Tinder’s Head of Product Resigns


According to website Tech Crunch, Norgard says he is exiting on a positive note and plans to get back to his entrepreneurial roots. Before he joined Tinder, he founded startup messaging app Tappy, which was acquired in 2014, along with Facebook messaging app Chill, another successful startup with 30 million users. When Norgard first joined Tinder, he was head of revenue and moved on to his chief of product role.

Norgard cites Keith Rabois of PayPal as his inspiration for leaving to pursue something new.

“It’s been a great ride but my strength has always been in the early-stage game,” Norgard told TechCrunch. “What I’m trying to do now is take all the learnings from that wonderful experience and bring them into my investing.”

His exit comes at an interesting time in the online dating industry, where big changes are on the horizon. Facebook recently announced its entry into the online dating market and is testing its new feature among users in Colombia, Canada and Thailand. Match Group has been aggressively acquiring dating apps in recent years to compete with Facebook head-on, including Tinder, Hinge and OkCupid among others. Analysts have looked favorably upon the online dating industry and Match Group in particular, considering its better-than-expected year-over-year growth in revenue, thanks in large part to subscriptions for Tinder Gold.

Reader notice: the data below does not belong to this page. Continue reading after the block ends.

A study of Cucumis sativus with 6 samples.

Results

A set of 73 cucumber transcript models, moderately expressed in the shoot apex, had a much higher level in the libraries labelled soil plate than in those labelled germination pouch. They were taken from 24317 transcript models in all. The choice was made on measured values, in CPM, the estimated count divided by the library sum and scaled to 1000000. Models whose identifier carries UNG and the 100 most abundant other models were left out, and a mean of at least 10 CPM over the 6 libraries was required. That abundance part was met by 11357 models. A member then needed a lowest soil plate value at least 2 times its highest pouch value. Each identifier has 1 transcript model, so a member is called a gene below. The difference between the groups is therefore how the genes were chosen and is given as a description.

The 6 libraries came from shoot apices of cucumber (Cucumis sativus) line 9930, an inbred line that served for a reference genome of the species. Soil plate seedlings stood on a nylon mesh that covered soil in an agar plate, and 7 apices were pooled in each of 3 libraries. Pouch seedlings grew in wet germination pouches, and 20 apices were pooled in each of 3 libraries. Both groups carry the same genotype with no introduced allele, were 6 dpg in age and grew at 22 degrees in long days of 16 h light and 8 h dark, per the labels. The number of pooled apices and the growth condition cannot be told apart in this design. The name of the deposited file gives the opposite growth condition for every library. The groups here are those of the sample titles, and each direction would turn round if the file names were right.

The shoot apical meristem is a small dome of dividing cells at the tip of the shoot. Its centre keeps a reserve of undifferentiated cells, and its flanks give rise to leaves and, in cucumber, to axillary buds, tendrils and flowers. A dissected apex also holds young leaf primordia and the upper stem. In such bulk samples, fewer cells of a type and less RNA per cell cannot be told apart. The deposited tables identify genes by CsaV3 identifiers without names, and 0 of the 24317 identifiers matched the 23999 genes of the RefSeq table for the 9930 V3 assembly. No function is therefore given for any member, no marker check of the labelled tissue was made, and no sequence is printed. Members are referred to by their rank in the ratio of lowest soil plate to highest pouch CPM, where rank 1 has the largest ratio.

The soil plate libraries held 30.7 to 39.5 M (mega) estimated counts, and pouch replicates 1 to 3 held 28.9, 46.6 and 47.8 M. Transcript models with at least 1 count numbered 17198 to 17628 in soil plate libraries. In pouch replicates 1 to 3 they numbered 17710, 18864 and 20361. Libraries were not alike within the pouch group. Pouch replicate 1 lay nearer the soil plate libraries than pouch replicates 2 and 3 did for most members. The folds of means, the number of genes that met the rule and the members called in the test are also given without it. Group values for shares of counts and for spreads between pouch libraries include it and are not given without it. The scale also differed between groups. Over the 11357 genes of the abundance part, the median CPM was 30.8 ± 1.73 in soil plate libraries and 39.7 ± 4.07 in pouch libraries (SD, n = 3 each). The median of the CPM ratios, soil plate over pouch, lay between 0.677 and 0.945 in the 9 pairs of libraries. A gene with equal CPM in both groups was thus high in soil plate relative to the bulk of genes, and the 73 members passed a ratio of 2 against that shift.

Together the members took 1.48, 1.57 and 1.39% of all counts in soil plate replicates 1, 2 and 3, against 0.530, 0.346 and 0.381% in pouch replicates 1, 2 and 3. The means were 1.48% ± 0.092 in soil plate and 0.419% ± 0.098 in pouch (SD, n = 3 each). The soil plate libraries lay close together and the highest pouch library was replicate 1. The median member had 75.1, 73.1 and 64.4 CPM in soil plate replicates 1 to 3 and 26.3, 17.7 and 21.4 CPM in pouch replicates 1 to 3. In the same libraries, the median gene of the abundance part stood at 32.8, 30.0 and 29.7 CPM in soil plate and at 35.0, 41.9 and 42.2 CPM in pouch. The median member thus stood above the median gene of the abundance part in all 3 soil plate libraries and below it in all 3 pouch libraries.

Still, Match Group has been embroiled in controversy despite its success. The company was sued recently by Tinder’s former employees for devaluing their stock options, and Match Group is currently in legal battle with Bumble as well after acquisition talks with the popular female-friendly app fell through.

Norgard however says he is leaving on good terms with the company and is on to his next project. He has already signed on to invest in a cryptocurrency mining startup called CoinMine, which launched in mid-November.

“There are a lot of parallels I draw from Coinmine and Tinder,” Norgard told Tech Crunch. “Online dating was very complicated six years ago. It was an arduous process and so is mining. You have to be pretty sophisticated, but this takes it down to the studs.”

The technology behind cryptocurrency is blockchain, which in theory provides more of a check on user privacy, which is particularly appealing to dating app users. Recently, it was discovered that shady data brokers were selling online dating profiles of millions of users, and Facebook has been struggling with privacy issues the past few years. Blockchain could be a way of better protecting user data and privacy.

Norgard has not mentioned any other investments he plans to make.